Lydia Klassen ’15 studied psychology at Bethel with the goal of developing a career in counseling. Klassen always had a heart for missions and counseling but never knew how she would be able to pursue both.

During her time at Bethel, Klassen grew from chapel and spiritual formation opportunities offered on campus. She started meeting with a mentor her sophomore year, and that relationship endured through graduation. Having a mentor who allowed her to be vulnerable was important.

“That allowed me to [experience] a lot of personal growth that I hadn’t done up to that point,” she says.

For Klassen, her introduction to counseling happened in middle school when she began seeing a counselor at her church. Through that experience, she discovered that mental and spiritual health are closely intertwined and realized she wanted to help others thrive in who God made them to be.

Klassen plays violin with the worship team at her church in Kenya.

After graduating from Bethel, Klassen went on to study at Trinity International University, earning her master’s degree in mental health counseling. She practiced at a clinic for a few years after that, studying also to become a Licensed Clinical Professional Counselor (LCPC). This advanced education allows her to connect counseling with missions, another of her passions.

Having a heart for missions from an early age, Klassen grew up reading about missionary families and praying for them with her own family. In graduate school, she had the opportunity to travel to Cameroon and shadow a counselor who was doing the work Klassen was dreaming of doing – providing counseling to missionaries. This experience encouraged her and reassured her that she was pursuing the right thing.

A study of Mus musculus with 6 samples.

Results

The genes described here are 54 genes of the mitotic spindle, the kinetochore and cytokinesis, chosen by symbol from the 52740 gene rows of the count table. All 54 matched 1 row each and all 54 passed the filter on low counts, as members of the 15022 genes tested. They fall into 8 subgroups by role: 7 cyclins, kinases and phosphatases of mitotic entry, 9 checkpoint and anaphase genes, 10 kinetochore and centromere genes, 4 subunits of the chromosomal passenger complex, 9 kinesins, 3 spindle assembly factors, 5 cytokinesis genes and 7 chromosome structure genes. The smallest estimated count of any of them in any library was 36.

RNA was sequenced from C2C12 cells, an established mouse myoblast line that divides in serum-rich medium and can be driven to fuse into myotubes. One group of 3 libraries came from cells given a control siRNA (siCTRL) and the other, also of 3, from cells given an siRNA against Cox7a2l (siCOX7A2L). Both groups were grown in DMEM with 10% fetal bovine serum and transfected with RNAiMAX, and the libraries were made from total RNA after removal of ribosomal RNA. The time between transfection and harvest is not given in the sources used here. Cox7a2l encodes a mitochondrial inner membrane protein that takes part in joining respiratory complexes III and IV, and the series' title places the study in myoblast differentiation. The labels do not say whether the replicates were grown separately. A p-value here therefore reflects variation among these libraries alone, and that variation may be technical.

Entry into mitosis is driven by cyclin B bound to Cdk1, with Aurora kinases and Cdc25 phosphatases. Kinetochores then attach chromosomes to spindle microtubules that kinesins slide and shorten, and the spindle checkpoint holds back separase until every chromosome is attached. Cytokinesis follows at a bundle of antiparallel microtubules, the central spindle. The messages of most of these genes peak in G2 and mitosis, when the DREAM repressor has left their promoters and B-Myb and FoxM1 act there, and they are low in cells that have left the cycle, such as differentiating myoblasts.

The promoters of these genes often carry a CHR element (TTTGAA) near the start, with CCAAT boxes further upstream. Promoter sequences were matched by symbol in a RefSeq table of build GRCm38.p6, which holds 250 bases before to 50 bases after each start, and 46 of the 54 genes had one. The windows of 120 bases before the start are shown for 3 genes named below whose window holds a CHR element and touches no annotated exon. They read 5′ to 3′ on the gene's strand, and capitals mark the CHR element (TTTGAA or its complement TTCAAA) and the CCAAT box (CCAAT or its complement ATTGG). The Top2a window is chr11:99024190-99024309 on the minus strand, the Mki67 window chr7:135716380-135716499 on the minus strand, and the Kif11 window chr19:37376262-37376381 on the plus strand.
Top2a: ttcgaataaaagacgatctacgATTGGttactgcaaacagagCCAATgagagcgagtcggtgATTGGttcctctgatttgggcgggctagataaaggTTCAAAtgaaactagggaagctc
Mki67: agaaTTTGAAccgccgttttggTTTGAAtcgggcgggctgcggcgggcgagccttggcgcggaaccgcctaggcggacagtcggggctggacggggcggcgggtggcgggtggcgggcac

Today, Klassen is living out her passions, combining counseling and missions by serving with African Inland Mission (AIM) as a counselor at the Tumaini Counseling Center in Nairobi, Kenya. She first learned of the organization while she was a student at Bethel in 2012. AIM serves as a place for missionaries to receive the counseling support they might need.

“It’s so important for these missionaries to have that space,” says Klassen, who specializes in marital counseling and trauma care.

“We don’t want struggles [like isolation and anxiety and depression] to be kept hidden anymore … when [missionaries] go to a counselor, they can have their story heard and gain coping skills and manage their stressors,” she says.

Klassen, who has been serving since October 2022, plans to work in Nairobi for two or three years for the first term before coming back to the United States. She hopes to serve long-term until the Lord leads her otherwise.

“Missionaries are so resilient. My goal is to help them thrive where God has placed them,” she says.

She remembers a speaker at a Bethel chapel service saying, “Before you are called to some place or something, you are called to Someone [God].” This idea has stuck with her and has encouraged her as she pursues missions work.